However good your water quality may be in the beginning, it will deteriorate after you put fish in the tank. Fish create waste, plants lose stems, and there will be uneaten pieces of food. This detritus is decomposed by bacteria through the processes called the nitrogen cycle. The first stage of the nitrogen cycle is extremely toxic. Ammonia is excreted by fish and also passed into the water by the decomposition of organic compounds such as plants is extremely toxic to fish and can burn their gills.

Whilst you may be able to save a fish with only small signs of this damage, likely the results will be death either in a day or two or much earlier than it otherwise would have been. This is converted to nitrites which are still toxic, and then processed into nitrates. Nitrates are relatively harmless, but sudden or long term exposure can still be dangerous to your fish.

When it comes to fish tanks, you generally get no chances. Yes, there are some fish species such as Siamese Fighting Fish, mud skippers and some other breeds that can tolerate higher levels of nitrates and ammonia than others but left too long any tank will turn into a fish graveyard. Often a tank getting dangerously high in Nitrates or Ammonia appears more or less the same as a tank with perfect water conditions so don;t wait until your water has turned green from algae feeding of the nutrients in the water…. that happens days after the water quality has turned. You need to put in appropriate filtration to suit the size of your tank, the amount of type of fish in your tank and depending on whether your fish are cold water, warm water of salt water fish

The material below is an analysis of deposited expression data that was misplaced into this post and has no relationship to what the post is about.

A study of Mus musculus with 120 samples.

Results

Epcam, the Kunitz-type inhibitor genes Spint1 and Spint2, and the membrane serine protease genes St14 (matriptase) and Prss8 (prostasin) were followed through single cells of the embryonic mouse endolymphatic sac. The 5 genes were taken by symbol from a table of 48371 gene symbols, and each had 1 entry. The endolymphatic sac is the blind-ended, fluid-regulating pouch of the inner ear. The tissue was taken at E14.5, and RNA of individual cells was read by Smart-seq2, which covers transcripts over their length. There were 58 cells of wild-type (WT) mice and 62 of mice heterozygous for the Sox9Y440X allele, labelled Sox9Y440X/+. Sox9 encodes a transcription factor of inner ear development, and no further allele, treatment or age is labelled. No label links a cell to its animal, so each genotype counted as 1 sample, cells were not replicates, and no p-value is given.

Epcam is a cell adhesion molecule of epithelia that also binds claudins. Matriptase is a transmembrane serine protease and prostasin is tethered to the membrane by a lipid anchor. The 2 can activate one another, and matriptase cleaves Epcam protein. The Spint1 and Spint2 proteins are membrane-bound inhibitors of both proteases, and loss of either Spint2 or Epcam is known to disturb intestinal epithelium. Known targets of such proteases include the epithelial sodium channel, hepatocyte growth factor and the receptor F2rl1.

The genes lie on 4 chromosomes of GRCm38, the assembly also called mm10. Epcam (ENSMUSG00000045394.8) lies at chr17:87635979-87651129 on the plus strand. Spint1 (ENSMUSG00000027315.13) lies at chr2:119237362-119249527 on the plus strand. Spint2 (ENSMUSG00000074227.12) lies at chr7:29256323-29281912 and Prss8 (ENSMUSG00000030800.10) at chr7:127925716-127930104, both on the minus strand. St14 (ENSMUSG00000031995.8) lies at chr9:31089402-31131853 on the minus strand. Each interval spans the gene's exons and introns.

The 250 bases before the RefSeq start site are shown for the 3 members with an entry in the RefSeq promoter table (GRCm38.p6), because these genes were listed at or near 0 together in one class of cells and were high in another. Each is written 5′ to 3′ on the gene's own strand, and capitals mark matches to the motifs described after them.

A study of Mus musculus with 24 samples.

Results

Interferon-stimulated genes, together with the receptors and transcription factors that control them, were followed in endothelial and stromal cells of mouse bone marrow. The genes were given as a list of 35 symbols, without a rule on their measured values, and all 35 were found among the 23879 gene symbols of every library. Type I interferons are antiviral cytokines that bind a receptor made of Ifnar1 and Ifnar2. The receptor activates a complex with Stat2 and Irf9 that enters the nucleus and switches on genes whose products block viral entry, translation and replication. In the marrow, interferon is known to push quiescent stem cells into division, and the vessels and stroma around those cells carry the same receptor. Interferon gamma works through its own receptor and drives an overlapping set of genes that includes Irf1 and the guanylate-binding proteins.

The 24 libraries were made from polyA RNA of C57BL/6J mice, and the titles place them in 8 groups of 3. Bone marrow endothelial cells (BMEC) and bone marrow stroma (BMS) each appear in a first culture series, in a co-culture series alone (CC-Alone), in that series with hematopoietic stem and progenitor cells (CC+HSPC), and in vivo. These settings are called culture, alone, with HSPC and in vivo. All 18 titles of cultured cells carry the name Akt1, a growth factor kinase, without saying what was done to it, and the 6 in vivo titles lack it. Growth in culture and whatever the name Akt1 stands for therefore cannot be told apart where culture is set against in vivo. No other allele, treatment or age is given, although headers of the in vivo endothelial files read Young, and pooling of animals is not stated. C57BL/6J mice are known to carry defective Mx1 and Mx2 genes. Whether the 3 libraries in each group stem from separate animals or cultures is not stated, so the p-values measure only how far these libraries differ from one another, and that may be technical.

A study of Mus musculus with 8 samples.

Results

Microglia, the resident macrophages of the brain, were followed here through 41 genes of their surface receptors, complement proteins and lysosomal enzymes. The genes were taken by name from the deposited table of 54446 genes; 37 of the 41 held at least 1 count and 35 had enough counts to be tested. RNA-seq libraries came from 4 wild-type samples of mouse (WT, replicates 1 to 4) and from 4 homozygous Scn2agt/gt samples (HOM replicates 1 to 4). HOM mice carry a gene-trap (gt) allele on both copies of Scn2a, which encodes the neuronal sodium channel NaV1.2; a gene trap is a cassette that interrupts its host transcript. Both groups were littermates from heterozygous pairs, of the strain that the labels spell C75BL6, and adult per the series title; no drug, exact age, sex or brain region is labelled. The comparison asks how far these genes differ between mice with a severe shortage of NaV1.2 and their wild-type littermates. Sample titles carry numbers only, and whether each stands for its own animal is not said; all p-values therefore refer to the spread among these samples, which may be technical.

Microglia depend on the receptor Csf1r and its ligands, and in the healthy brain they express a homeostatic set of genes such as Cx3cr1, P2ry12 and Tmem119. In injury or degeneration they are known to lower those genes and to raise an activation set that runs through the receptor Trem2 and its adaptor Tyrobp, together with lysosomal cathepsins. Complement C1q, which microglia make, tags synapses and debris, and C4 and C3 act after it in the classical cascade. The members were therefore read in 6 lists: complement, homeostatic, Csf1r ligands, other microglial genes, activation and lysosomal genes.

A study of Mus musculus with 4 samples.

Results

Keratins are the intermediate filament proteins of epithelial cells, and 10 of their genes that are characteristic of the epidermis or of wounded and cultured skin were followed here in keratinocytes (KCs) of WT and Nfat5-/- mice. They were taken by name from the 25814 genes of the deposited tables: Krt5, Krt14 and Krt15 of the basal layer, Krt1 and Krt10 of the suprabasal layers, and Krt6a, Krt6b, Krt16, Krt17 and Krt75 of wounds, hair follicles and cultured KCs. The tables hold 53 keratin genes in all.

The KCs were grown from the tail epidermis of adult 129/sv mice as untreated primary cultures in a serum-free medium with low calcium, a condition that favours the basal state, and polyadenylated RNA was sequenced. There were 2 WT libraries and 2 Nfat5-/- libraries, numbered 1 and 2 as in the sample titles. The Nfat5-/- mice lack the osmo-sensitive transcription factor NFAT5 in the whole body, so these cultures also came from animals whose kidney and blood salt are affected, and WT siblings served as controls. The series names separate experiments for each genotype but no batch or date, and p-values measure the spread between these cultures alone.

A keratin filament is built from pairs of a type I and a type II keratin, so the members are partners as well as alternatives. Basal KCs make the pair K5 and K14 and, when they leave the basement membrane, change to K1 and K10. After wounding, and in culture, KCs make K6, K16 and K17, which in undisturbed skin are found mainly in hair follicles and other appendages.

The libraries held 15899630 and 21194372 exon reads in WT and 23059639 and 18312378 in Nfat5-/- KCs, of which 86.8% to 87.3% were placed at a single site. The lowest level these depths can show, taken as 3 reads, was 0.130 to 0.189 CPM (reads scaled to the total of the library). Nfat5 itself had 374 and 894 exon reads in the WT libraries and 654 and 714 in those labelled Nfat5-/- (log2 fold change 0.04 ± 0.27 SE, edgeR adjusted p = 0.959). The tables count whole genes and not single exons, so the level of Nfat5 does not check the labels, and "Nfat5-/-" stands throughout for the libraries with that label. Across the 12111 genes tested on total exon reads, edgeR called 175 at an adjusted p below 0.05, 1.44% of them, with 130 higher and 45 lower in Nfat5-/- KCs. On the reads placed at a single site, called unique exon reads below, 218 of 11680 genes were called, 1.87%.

Sponge filters can help combat nutrient levels in the water. Sponge Filters consists of a perforated plastic tube that is fitted with a cylindrical sponge. Air goes through the tube, and draws water into the sponge. These filters are mechanical and biological, and are best suited to aquariums with low filtration needs.

Protein skimmers are another option. They are essential to a marine aquarium. They use a process that is called air stripping. Organic materials and proteins stick to air bubbles, which form foam that rises to the top of the tank and is collected in a removable container which is emptied daily. These filters do not work in fresh water.

Veterinary Surgeon, London at Blue Cross UK | + posts

A London based Veterinary surgeon, Sanja is also an avid writer and pet advocate.